17 December 2008
by Mike Katzif
Today I’m doing some research on a band for an upcoming review. While surfing around the internet for articles and official bios, I found many passing references and comparisons to two other bands, both I had never heard of before, as being influences. Those bands are The Deep and The Seeds; both relics of psychedelic folk pop of the 1960’s.
Tossing out obscure or little known bands happens a lot in music reviewing, sometimes it’s a bit heavy-handed or pretentious, other times very helpful. In this case, my interest was peaked, so I did some (very) basic info gathering — on All Music Guide, Wikipedia and YouTube, of course.
From what I’ve gathered, The Deep were not all that notable for the era and their name doesn’t carry much weight compared to similar acts of the time. The Deep formed in the mid-1960s, never toured or gained much of a devoted following, but their lone album, The Psychedelic Moods of The Deep, is thought to be one of the first times the word ‘psychedelic’ was used in an album title.
Wikipedia’s entry plainly describes their rock and roll sound as “protopunk at times, while at others, their music delves into more psychedelic sounds,” while AMG’s brief bio says:
“They took a middle ground between the Seeds, the 13th Floor Elevators, and Kim Fowley with a thinly produced, goofy psychedelia on which tomfoolery abounded. Though basically a silly exercise, the group had their interesting moments, and certainly had a greater sense of melody than either Kim Fowley or the Seeds.” (AMG)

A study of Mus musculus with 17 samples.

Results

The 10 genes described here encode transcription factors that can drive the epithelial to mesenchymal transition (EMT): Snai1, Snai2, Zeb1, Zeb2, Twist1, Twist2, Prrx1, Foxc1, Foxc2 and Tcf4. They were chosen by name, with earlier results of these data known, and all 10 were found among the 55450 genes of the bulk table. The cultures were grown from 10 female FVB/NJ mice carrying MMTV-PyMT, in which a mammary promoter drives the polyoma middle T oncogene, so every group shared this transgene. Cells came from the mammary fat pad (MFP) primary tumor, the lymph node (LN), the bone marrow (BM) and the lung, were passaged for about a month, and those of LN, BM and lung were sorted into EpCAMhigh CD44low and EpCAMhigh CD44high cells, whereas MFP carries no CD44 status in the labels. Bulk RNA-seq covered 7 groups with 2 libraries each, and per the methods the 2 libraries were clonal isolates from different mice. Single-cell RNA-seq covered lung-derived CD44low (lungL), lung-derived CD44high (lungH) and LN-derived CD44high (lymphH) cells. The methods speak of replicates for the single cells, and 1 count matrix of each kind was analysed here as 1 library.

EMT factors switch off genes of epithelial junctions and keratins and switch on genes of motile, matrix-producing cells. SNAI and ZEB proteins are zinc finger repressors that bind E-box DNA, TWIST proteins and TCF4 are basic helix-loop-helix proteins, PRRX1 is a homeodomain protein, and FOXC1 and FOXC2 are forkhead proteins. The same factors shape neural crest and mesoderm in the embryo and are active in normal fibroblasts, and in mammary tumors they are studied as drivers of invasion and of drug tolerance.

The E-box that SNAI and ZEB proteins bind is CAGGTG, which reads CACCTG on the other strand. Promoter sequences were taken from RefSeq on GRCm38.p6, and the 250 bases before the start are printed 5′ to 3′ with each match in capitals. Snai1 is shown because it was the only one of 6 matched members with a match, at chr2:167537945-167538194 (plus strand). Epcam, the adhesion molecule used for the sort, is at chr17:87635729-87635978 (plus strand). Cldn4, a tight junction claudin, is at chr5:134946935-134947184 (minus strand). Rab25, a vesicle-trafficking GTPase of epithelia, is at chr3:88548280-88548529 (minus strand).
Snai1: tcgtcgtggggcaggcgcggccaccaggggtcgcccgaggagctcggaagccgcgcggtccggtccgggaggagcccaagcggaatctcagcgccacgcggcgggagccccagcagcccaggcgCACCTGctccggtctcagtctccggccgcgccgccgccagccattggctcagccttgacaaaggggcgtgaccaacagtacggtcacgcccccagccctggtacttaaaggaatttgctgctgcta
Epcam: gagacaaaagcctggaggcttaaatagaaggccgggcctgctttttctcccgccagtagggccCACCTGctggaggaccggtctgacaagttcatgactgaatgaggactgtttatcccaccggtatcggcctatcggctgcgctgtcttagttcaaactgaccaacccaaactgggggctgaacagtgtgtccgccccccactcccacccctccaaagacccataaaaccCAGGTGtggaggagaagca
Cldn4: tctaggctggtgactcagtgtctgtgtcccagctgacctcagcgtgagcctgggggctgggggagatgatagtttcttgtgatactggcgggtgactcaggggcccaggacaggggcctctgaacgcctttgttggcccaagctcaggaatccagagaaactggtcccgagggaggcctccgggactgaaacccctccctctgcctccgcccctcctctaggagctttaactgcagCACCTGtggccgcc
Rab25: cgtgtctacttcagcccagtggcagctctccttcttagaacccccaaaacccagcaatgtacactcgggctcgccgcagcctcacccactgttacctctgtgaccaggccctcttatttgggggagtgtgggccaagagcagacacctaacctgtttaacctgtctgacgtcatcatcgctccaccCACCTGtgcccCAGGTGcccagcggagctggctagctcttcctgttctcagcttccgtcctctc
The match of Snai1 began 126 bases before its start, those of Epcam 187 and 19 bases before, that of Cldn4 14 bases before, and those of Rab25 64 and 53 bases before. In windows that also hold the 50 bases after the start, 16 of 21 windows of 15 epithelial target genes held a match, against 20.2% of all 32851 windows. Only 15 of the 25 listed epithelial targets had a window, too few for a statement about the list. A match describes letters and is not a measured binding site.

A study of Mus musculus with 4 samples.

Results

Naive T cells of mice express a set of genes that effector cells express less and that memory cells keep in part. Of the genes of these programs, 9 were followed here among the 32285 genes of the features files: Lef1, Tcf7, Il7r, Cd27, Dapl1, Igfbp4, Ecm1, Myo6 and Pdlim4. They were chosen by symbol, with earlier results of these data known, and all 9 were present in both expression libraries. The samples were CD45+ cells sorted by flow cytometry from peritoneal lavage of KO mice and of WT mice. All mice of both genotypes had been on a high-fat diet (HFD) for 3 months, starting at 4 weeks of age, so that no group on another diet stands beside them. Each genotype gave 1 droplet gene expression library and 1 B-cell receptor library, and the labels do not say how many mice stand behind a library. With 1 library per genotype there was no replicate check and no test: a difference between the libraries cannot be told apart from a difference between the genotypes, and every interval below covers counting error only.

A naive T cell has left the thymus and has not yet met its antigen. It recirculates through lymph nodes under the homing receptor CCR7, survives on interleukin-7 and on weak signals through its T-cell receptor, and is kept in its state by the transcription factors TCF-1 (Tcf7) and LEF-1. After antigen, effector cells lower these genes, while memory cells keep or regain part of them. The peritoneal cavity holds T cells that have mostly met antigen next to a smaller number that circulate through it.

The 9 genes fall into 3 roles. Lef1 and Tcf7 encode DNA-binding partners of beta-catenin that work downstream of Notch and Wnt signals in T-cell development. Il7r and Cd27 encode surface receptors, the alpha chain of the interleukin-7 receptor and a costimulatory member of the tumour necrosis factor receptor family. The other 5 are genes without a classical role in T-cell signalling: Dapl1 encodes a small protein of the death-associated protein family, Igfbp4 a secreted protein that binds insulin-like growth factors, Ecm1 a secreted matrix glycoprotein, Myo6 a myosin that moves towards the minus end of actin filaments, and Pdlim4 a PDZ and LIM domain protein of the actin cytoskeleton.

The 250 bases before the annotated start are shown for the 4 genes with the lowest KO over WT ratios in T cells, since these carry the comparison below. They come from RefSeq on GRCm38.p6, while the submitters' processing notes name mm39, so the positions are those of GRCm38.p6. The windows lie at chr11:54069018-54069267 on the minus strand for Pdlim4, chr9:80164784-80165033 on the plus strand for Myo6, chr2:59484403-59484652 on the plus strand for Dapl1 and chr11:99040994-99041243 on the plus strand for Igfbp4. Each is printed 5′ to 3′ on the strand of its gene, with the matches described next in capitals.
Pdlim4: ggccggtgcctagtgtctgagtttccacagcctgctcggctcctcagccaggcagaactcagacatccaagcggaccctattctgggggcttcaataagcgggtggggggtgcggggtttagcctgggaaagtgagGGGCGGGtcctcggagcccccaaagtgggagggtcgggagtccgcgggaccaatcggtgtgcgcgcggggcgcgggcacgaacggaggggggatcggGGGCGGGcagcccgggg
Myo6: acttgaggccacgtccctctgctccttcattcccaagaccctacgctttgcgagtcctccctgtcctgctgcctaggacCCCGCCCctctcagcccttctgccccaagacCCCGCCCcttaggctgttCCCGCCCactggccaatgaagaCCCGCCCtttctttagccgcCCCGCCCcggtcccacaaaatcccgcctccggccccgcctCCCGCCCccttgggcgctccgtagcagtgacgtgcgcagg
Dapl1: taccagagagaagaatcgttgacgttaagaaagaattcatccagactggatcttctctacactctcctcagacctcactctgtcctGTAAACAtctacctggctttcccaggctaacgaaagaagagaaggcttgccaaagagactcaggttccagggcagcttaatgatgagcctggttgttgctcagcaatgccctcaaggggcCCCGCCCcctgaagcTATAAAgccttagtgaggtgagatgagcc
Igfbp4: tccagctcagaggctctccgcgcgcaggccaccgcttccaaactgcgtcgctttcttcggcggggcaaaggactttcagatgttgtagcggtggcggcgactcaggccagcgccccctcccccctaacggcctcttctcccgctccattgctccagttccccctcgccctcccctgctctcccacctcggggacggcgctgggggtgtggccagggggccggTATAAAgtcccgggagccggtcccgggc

Here is a sample of one of their songs, a slow ballad with melodramatic sighs that almost recall French pop songwriter, Serge Gainsbourg’s song “Ballade De Melody Nelson”:
As for The Seeds, well they were more well known, and had a much lengthier career. Fronted by vocalist Sky Saxon (born Richard Marsh) and guitarist Jan Savage, The Seeds played bluesy, psychedelic garage rock, and were once called — by blues legend Muddy Waters — “America’s own Rolling Stones.”
The band’s first single “Pushin’ Too Hard” was a commercial hit — rising into the Top 40 in 1967 — and immediately spawned ’sound-alike’ follow-ups, “Mr. Farmer” and “Can’t Seem to Make You Mine,” “in an attempt to replicate their success; the latter came the closest to being a hit, just missing the Top 40.” (AMG)
“Pushin’ Too Hard” on Shebang (hosted by Casey Kasem):
“Can’t Seem To Make You Mine” on American Bandstand:
Like countless bands at the time, the group turned towards the arty and more experimental psychedelic rock, no doubt influenced by The Beatles’ Sgt. Pepper’s, but never produced another hit and disbanded at the end of the decade.
It’s hard to tell how much influence bands like The Deep or The Seeds have had on the landscape of pop and psychedelic rock (especially compared to more notable “The” bands from the era: The Beatles, The Byrds, The Rolling Stones, The Who, The Turtles, The Stooges, The Kinks, even The Monkees — not to mention Hermans Hermits and Love), but clearly their sound has left a small imprint in current acts who mine the hooks and poppy clatter, whether they know they are or not.